From the farm to the table, food production is a labor-intensive venture. Throughout growing and harvesting to processing, packaging, and distribution, there are many moving parts to the entire process. With the advent of tractors and other types of farm equipment, the growing and harvesting of some food sources have become more automated. But, even as we entered the 21st century, the majority of food processing and packaging took an enormous amount of manual labor.
Key to increasing food production has been vibratory automation systems such as those developed by General Kinematics, including fluid bed processors, vibrating conveyors, vibrating feeders, and rotary and vibratory material processors.
Today, the introduction of robotics powered by artificial intelligence has made mechanical movement more precise and more touch sensitive, with more application capabilities than ever before imagined.
Food processing robots have now been developed for tasks such as sorting with the use of artificial intelligence and cameras that instantly identify objects by color, shape, and size, then calculate their location. A mechanical arm performs the pick and placement function using suction cups, pressure sensitive grippers, and vacuum tool attachments.
The airflow vacuum tool is ideal for handling goods with fragile surfaces because it can pick up products without touching them. The suction cup is ideal for handling many kinds of products, especially those with an uneven surface such as biscuits and frozen pizzas. Using pressure differences, the vacuum gripper holds the product. Finger grippers are best used for products that cannot be handled by suction, such as cakes with loose particles on top.
Robots have also been perfected to dispense and palletize food products to exact measurements, improving consistency and reducing waste.
Of course, the main advantages of robotic processing are in cost reduction, quality, and safety. Robotic arms can work at faster speeds than their human counterparts without getting tired or needing to take required rest breaks. In addition, robotic arms are immune to harsh environments such as extreme heat and cold as well as exposure to chemicals or cooking odors.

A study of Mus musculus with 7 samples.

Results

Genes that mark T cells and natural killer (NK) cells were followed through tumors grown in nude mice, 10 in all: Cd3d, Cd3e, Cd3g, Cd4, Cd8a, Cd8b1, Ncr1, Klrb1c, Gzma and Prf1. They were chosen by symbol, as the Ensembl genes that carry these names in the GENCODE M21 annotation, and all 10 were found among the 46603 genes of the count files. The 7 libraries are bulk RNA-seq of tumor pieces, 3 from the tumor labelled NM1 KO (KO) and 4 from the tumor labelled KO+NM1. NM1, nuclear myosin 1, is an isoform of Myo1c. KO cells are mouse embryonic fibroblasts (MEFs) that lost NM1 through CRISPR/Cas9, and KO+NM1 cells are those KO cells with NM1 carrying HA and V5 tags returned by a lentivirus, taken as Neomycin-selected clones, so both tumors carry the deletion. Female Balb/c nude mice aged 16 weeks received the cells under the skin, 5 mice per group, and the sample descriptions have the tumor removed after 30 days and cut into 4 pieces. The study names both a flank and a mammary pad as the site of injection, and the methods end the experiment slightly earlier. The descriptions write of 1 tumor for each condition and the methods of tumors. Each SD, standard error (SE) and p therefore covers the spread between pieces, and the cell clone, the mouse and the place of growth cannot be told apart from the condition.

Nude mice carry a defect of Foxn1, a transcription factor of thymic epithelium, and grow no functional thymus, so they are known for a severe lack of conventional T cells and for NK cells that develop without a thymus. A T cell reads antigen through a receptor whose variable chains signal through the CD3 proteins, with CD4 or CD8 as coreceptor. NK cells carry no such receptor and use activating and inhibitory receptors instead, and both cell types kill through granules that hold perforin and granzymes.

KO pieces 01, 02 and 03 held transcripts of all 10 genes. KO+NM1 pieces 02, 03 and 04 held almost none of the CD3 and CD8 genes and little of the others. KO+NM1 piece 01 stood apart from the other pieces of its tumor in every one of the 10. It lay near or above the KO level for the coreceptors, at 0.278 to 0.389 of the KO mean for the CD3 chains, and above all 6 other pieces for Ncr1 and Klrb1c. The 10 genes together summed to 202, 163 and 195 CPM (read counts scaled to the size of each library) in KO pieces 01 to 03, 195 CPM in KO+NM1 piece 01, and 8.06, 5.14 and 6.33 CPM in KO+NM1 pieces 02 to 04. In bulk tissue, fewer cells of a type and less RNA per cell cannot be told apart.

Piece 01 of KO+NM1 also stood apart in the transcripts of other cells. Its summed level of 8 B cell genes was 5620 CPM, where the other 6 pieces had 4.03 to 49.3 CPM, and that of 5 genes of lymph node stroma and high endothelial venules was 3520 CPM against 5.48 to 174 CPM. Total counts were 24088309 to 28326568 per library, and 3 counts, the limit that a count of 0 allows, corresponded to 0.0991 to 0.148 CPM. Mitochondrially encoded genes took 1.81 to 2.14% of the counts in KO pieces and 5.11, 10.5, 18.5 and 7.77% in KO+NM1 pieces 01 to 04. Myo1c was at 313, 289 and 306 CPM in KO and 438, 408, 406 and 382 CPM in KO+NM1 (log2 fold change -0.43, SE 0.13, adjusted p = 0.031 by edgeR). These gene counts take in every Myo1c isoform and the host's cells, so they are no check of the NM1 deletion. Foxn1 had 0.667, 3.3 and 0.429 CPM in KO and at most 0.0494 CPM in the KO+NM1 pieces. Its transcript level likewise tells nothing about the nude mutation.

In food preparation, where precise temperatures are an important factor, sensors connected to the robotic arm interact with artificial intelligence to determine the precise cooking time and to assure that products are stored at the proper temperature.
Sanitation is also improved by the use of robots. Robots don’t require safety gloves, hats, or masks. Since they are not susceptible to communicable human illness, they cannot pass it along in the food they process. The advanced metal alloys used in the construction of robotic arms are resistant to molds and bacteria and are easily sterilized at the end of a day’s work.
When artificial intelligence is combined with robotics, multi-tasking can be accomplished with a simple programming command.
The production benefits are clear, and while there likely will be some short-term labor dislocation, the quality of job opportunities and pay will improve, proponents of robotic automation say. Instead of production line workers, food processing companies will be hiring trained experts in automated hardware maintenance and computer programming.
Modern process workers will need the education and training necessary to program the robots for the task at hand, as well as change out parts or make repairs to keep the assembly lines moving. The good news is that many of the current assembly and process workers have the skills to be retrained to operate today’s modern robotic manufacturing equipment, and there are training grants available for both employers and employees.
However far robotics takes us, the basic automation components will still be necessary to keep the process moving. Here at General Kinematics, we are constantly thinking ahead and ensuring our equipment will integrate efficiently with and and continue to help advance the field of automation to keep our clients up to date with the ever-changing technology.